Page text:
March 2014       Vol. 43, No. 3       Page  13
In and Around the Bar
Bar News Highlight

Ralph Carr Judicial Center Provides an Interactive Learning Experience

 

About the Author

Ryan Tamm is a 2013 graduate of the University of Colorado Law School, and currently serves as an appellate law clerk to Colorado Court of Appeals Judge Terry Fox—(720) 625-5248, ryan.tamm@judicial.state.co.us. Tamm, along with co-clerk Jessica Lowery, a 2012 Colorado Law graduate, welcomed the Twombly students to the Ralph L. Carr Judicial Center.


The Ralph L. Carr Judicial Center had a younger than usual crowd on Friday, November 22. That day, more than seventy fifth-graders from Twombly Elementary School traveled from Fort Lupton to Denver to tour the Judicial Center, which houses the Colorado Supreme Court and Colorado Court of Appeals. Their visit to the Center—which opened in December 2012 and was dedicated on May 3, 2013—gave the students an opportunity to learn about the judicial system, the rule of law, and what it takes to become a judge.

When the students arrived at the Judicial Center, their first stop was the first-floor court of appeals courtroom, where they met Court of Appeals Judge Terry Fox. Judge Fox welcomed the students to the court, and gave a presentation explaining the importance of the rule of law, describing the role of judges in the judicial system, and outlining the appellate process. Judge Fox also answered students’ questions about the court of appeals and about her responsibilities as an appellate judge.

 
Jacob Trujillo dons a judicial robe in the Learning Center.   A Twombly student at the "Hear From a Judge" exhibit in the Learning Center.

The students seemed to be especially interested in learning how one goes about becoming a judge. The best preparation for a career in the law, Judge Fox told the students, is a good education. Like many of the Twombly students, Terry Fox grew up in a Spanish-speaking household. She was the first in her family to graduate from college, and would become the first lawyer—and the first judge—in her family.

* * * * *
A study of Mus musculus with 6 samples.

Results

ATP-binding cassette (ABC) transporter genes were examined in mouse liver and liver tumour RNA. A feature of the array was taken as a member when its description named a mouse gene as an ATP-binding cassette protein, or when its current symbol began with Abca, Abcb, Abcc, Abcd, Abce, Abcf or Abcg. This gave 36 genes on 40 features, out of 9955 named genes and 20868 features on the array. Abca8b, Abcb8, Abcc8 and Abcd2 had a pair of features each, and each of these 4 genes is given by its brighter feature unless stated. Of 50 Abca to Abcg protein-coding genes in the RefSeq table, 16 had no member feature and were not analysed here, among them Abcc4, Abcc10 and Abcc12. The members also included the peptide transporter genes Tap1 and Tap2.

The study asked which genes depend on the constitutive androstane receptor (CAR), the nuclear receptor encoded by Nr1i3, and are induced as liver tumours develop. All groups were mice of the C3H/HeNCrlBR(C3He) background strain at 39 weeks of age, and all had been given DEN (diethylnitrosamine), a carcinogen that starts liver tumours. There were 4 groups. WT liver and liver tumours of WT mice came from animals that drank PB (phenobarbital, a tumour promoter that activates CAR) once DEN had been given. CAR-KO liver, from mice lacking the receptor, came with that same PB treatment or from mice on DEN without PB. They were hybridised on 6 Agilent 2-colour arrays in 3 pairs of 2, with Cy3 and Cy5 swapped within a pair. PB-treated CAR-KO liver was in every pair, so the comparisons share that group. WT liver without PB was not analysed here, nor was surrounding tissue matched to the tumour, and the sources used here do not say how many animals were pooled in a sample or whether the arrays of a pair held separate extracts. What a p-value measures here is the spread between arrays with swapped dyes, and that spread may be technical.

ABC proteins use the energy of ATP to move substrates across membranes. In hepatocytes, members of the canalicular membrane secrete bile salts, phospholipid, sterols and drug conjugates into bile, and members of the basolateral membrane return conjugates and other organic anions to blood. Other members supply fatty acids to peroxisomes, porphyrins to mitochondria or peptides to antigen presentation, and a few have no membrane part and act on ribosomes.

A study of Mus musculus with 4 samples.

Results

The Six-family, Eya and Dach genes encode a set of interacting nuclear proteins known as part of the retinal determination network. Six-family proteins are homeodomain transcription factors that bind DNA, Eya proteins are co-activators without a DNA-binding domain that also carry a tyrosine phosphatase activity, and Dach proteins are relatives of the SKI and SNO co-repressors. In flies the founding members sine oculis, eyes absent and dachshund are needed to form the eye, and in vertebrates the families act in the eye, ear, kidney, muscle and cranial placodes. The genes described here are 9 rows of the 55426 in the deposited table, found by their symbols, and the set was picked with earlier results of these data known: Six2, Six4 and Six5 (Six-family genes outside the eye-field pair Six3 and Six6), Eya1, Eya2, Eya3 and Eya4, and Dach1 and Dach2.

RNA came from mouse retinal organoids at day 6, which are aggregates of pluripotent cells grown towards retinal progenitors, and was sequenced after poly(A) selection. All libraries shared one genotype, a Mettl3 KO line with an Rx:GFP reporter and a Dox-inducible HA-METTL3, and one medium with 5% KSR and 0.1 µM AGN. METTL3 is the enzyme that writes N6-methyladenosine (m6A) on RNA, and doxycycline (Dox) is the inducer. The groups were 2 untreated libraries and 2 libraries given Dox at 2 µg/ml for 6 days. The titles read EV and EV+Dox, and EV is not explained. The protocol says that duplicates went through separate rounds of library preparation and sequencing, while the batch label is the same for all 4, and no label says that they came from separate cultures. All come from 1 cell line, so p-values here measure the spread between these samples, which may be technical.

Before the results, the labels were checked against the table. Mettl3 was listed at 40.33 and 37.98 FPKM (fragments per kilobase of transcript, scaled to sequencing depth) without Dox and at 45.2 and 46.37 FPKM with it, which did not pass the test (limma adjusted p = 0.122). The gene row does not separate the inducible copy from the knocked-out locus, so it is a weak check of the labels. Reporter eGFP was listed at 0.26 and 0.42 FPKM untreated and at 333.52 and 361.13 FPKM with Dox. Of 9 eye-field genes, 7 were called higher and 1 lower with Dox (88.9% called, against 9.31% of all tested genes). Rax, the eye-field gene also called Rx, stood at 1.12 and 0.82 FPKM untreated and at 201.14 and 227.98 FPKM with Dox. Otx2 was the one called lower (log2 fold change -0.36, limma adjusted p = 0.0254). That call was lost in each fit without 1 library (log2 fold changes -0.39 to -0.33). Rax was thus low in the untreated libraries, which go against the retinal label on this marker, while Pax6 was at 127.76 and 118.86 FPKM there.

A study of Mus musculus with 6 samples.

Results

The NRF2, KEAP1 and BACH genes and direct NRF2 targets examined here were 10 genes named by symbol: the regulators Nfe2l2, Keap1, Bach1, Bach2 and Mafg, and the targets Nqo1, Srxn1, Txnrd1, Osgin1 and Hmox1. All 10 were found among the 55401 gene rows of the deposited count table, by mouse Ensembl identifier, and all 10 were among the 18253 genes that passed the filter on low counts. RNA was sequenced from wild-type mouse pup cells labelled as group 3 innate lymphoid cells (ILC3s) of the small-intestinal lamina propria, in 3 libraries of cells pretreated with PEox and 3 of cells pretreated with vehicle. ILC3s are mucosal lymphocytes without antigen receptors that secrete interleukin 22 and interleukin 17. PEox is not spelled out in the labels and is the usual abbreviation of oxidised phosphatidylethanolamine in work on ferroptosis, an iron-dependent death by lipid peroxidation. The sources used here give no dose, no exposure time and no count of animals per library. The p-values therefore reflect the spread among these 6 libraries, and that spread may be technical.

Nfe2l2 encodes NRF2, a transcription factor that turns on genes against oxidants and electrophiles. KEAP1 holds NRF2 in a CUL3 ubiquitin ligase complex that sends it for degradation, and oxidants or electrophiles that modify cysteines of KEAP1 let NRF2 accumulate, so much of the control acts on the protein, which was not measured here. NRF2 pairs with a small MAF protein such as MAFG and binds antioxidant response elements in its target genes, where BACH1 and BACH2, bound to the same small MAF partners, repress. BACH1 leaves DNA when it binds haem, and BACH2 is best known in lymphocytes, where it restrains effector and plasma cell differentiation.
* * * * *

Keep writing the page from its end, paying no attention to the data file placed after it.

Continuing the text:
After their visit with Judge Fox, the Twombly students toured the Judicial Center. Many stopped in the atrium to admire the glass dome overhead and the large tile image of the columbine flower underfoot. Next, they saw the Supreme Court courtroom and paid a visit to Judge Fox’s chambers. Some students even visited the court of appeals robing room, a private dressing room for the judges that is rarely seen by members of the public.

The final stop on the tour was the Learning Center, a 4,000 square-foot interactive classroom with games, videos, and learning tools for all ages. There, students could take a self-guided tour of Colorado’s Judicial Branch and learn the history of the rule of law.

Before long, it was time for the students to head back to Fort Lupton. They filtered out of the building and back onto the school buses that brought them there. As they left, many glanced back at the huge stone pillars and the glass dome exterior of the Judicial Center. It was not hard to imagine that there might be a few future lawyers—and maybe even some future judges—in their ranks.

 
Students tour the Learning Center.   Students use the Learning Center’s interactive exhibits.

One of the Twombly teachers, Steven Trujillo, said the following about the students’ experience: "Visiting with Judge Fox at the Ralph Carr Center helped my students better understand the importance of education and the rewards of hard work." The teachers and students of Twombly Elementary thank Judge Fox for hosting their visit, as well as Jordan Fox of Sherman & Howard LLC for his contribution to their transportation costs. As student Hilda Salas summed up the experience: "It was an amazing day!"

Twombly Elementary, Mr. Chacon’s fifth-grade class.
 
Twombly Elementary, Mrs. Strange’s fifth-grade class.
 
 Twombly Elementary, Mr. Trujillo’s fifth-grade class.